11/9/2013 7:20:58 PM

In women's action, the Canadian threesome of Corissa Boychuk of Airdrie, Alta., Lexi Giesbrecht of Calgary and Tamara O'Brien of Vancouver finished second with a score of 102.200 points.

The United States won gold with 104.400 points and Russia took the bronze with a score of 101.600.

"My warmup wasn't that great and I was really nervous," said Boychuk, the lone member of the team with previous experience at a senior world championship. "I was there to lead off for our team and I feel like I did that pretty well."

On the men's side, veteran Denis Vachon of Burlington, Ont., executed one of the most difficult moves among the 15 competitors to clinch second place for Canada. Dennis Oppenlander of Regina and Keegan Soehn of Red Deer, Alta., were the other members of the Canadian men's team.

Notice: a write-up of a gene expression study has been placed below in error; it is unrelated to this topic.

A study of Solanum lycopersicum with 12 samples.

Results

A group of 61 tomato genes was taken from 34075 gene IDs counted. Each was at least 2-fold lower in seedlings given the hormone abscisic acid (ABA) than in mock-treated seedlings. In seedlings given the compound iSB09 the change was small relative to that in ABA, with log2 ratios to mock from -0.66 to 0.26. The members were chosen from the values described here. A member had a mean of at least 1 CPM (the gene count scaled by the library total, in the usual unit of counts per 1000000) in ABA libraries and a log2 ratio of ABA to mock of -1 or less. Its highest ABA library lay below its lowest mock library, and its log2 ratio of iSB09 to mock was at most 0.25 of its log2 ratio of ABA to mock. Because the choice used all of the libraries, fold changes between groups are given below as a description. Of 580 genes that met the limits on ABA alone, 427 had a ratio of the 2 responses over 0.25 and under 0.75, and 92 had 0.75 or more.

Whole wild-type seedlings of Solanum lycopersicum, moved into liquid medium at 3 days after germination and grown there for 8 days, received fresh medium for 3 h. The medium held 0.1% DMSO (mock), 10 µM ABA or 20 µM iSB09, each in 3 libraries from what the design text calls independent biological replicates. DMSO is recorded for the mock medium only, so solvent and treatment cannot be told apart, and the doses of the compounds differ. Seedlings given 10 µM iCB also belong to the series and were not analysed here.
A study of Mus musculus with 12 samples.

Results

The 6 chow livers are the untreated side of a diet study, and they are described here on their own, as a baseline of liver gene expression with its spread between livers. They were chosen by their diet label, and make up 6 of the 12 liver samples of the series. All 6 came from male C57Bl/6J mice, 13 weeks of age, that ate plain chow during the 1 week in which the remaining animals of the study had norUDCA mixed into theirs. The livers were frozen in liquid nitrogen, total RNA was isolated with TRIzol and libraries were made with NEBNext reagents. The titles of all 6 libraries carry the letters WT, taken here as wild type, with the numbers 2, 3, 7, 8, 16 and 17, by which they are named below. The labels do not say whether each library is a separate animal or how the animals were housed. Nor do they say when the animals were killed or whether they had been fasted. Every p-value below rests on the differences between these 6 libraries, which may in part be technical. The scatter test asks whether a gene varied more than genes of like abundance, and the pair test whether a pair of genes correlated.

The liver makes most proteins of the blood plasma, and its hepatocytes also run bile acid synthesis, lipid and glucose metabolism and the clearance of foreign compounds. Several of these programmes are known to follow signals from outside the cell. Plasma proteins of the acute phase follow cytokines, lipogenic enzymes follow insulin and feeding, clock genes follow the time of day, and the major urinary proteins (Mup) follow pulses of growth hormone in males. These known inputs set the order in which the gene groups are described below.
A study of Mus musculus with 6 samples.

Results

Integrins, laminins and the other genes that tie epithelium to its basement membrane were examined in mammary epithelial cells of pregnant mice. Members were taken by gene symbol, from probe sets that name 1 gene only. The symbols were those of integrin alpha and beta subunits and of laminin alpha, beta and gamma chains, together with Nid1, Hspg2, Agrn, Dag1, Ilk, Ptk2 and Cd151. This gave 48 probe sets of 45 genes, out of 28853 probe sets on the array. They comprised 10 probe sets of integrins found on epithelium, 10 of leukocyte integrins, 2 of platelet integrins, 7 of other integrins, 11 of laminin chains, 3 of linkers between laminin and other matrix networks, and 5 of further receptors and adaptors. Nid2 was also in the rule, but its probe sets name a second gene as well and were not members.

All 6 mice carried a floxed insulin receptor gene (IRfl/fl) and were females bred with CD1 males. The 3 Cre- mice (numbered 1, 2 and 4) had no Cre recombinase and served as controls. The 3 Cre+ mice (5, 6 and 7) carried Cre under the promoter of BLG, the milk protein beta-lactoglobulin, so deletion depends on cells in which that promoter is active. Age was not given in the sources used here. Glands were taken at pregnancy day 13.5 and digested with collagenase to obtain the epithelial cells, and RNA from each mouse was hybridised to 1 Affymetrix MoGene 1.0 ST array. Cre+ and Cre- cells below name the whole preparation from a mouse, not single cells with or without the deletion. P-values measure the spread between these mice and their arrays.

The U.S. took first place with a score of 110.200 points. Canada followed with 107.800 points and Russia placed third with 106.500.

"The run felt smooth the take-off felt smooth and I just held on and went for that stick on the landing," said Vachon. "It was great to go out and nail my pass, one that I've been planning for the last six to eight months and walk out of here with another medal."

Rosie MacLennan and Samantha Sendel, both of Toronto, crashed out of medal contention in the women's synchro event when Sendel fell just seconds after the start of the routine.

"It felt like I hit a bad bounce," said Sendel, who qualified first for the final with MacLennan. "I felt pretty confident going into the competition but it didn't turn out the way I would have liked it to."

MacLennan took the disappointment in stride, turning her thoughts to the final two rounds in the women's individual competition on Sunday.

"In a sport as volatile as this you can expect that sometimes you don't complete your routine," she said. "But we're both very confident in our ability regardless of what happened. You just have to put it out of your mind."

Katherine Driscoll and Amanda Parker of Great Britain won gold in the synchro final.